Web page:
If you are Caribbean, you might think you know everything about Nutmeg, traditionally used in baked products like Jamaican Bun or in Egg Nog. Further research will reveal the source and interesting uses of this spice, first introduced to Grenada from Indonesia in the 19th century .
Grenada leads the Caribbean in nutmeg production. Although farmers had to re-plant their stock after Hurricane Ivan wiped out 90% of trees in 2004, Grenada currently exports 20% of the world’s nutmeg .
Appearing as a symbol on the island’s flag, nutmeg is referred to as Grenada’s “Black Gold”. That image shows what the nutmeg looks like on the tree before it reaches your supermarket shelves either whole or grated . Encased in a fleshy yellow pod which opens when ripe, the hard seed is removed from the webbing of scarlet coloured mace.
If you are ever in Grenada, the Nutmeg Processing Plant in the western town of Gouyave will take you back in time. Sorting is a labour intensive process where women separate nutmeg seeds by grades before drying.
Nutmeg oil is used for medicinal purposes to help relieve pain and inflammation and is also used in perfumes, soaps, beauty products and for massages. Nutmeg ice cream is popular in Grenada and the syrup accompanies pancakes. The hard outer shell of the seed when cracked is sprinkled in gardens, especially where there is no grass or other ground cover.
The next time you reach for nutmeg, this Grenadian spice will have new meaning. Don’t limit yourself to using it in desserts or cocktails. Try something new, like this Lamb dish from Jesson Church, Head Chef at Spice Island Beach Resort in Grenada.
By: Michelle L. McDonald
Noisettes* of Nutmeg-dusted Lamb
on a mash of Cannellini beans scented with Garlic and Rosemary
by Jesson Church – Head Chef at Spice Island Beach Resort, Grenada
1 single loin of lamb
100g white cannellini beans (soaked overnight)
2 cloves garlic
Few sprigs of rosemary
1 tsp ground nutmeg
8 croutons (noisette size & shape)
8 pieces potato (for accompaniment)
1. De-bone and prepare loin of lamb. Cut into 6-8 noisettes.
2. Use bones and mirepoix to prepare jus-lie (use one garlic clove and a little stalk of rosemary to enhance).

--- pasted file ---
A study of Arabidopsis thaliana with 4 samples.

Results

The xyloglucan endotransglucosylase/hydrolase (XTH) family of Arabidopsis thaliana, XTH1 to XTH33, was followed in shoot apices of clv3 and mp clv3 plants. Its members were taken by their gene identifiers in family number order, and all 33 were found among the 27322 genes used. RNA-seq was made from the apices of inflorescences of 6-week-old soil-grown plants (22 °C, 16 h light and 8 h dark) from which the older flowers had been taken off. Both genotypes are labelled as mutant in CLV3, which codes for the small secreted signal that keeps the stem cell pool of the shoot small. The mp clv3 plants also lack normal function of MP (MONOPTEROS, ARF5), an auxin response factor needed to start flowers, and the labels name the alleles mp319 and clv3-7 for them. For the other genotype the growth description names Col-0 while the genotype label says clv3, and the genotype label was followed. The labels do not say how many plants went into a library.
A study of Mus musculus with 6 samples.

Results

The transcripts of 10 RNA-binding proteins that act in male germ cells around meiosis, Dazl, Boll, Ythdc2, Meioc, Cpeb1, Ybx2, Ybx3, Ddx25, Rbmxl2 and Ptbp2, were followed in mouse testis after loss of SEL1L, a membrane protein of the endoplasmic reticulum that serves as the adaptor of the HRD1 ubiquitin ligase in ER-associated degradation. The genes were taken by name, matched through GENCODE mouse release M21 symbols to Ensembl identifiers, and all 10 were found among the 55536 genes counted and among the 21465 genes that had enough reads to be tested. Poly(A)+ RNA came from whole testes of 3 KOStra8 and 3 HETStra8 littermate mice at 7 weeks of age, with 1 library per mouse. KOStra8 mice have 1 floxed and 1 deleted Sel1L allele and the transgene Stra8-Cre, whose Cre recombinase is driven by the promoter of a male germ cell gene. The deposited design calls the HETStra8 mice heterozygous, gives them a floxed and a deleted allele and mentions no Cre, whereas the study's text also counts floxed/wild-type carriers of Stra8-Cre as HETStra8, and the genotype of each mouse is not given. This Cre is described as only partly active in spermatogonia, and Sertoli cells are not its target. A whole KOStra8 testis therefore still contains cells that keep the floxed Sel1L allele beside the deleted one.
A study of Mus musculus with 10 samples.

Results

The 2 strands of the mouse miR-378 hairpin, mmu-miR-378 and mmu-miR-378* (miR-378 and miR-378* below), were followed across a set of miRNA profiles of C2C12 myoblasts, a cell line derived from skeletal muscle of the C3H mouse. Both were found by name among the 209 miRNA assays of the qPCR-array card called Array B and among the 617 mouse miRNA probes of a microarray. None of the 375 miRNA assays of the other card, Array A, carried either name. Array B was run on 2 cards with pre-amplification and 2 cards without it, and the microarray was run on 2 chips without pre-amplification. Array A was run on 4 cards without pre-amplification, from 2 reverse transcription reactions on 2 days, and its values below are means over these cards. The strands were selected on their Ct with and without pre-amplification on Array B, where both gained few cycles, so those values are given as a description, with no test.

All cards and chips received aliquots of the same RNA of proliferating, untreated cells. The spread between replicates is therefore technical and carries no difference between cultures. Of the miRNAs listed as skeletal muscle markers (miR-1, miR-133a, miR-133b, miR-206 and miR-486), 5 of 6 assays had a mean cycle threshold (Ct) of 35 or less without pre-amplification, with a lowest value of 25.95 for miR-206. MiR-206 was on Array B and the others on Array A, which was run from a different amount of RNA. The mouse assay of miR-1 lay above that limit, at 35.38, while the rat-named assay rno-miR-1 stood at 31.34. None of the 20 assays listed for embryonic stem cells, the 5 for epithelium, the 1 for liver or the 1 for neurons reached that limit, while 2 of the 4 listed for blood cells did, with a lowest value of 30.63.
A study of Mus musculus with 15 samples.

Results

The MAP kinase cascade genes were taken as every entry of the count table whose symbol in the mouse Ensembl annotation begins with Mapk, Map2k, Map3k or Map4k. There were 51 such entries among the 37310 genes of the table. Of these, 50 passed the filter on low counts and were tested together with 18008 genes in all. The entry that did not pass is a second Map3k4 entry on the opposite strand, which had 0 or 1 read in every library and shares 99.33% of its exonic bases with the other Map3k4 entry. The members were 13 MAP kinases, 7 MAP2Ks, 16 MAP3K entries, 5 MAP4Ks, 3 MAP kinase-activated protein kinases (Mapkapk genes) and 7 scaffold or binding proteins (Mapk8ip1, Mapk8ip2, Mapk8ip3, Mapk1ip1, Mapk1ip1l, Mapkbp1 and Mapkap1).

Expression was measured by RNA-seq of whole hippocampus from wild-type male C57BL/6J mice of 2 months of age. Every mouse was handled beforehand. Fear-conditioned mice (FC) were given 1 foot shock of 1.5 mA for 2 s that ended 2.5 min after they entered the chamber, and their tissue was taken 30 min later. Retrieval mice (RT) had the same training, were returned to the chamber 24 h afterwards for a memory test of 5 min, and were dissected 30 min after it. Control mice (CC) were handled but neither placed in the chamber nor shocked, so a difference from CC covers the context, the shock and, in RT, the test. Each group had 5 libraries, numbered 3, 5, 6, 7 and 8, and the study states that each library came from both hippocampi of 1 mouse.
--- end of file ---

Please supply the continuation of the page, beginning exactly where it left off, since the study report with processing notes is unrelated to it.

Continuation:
3. Place beans, 1 clove of garlic and some rosemary in a pan with cold water and bring to the boil. Skim, cover with a lid and simmer for approximately 1 hour until tender. Drain well and remove rosemary and garlic
4. Mash beans with a little butter, add seasoning to taste and keep warm.
5. Cook croutons in clarified butter and keep warm.
6. Cook potatoes in clarified butter and keep warm.
7. Season and cook noisettes in clarified butter ensuring meat remains pink, i.e. not cooked to well done.
8. On the croutons, place a neat bed of bean mash and dress noisette on top.
9. Set on a plate garnishing with small heap of mash, potatoes, jus-lie and a sprig of rosemary.
* A noisette is a small round piece of meat or other food item.
** Traditional mirepoix is a combination of chopped carrots, celery and onions used to add flavor and aroma to stocks, sauces, soups and other foods. The proportions (by weight) for making mirepoix are 50% onions, 25% carrots and 25% celery.
*** Jus-lie is classic gravy traditionally made with meat bones, Celery, Onion, Carrot, Mushroom Trimmings, Tomato Puree, Stock, Bay Leaf, Thyme Sprigs, Salt, Pepper and Arrowroot
Michelle L. McDonald has been writing since her teenage years, when she started posting entries in her diary. Since then, she has developed this hobby into becoming a Features writer and Blogger. Since 2003, her work has been published in the Jamaica Gleaner, SHE Caribbean and on www.caribbeancricket.com profiling International cricketers and writing “off the field” features from the Caribbean and the United Kingdom.
On www.yamfoot.net Michelle posts candid stories about living in the Caribbean. Professionally, she is a freelance Service/HR Advisor and Trainer and is based in Grenada and Jamaica, although she considers all of the Caribbean her home.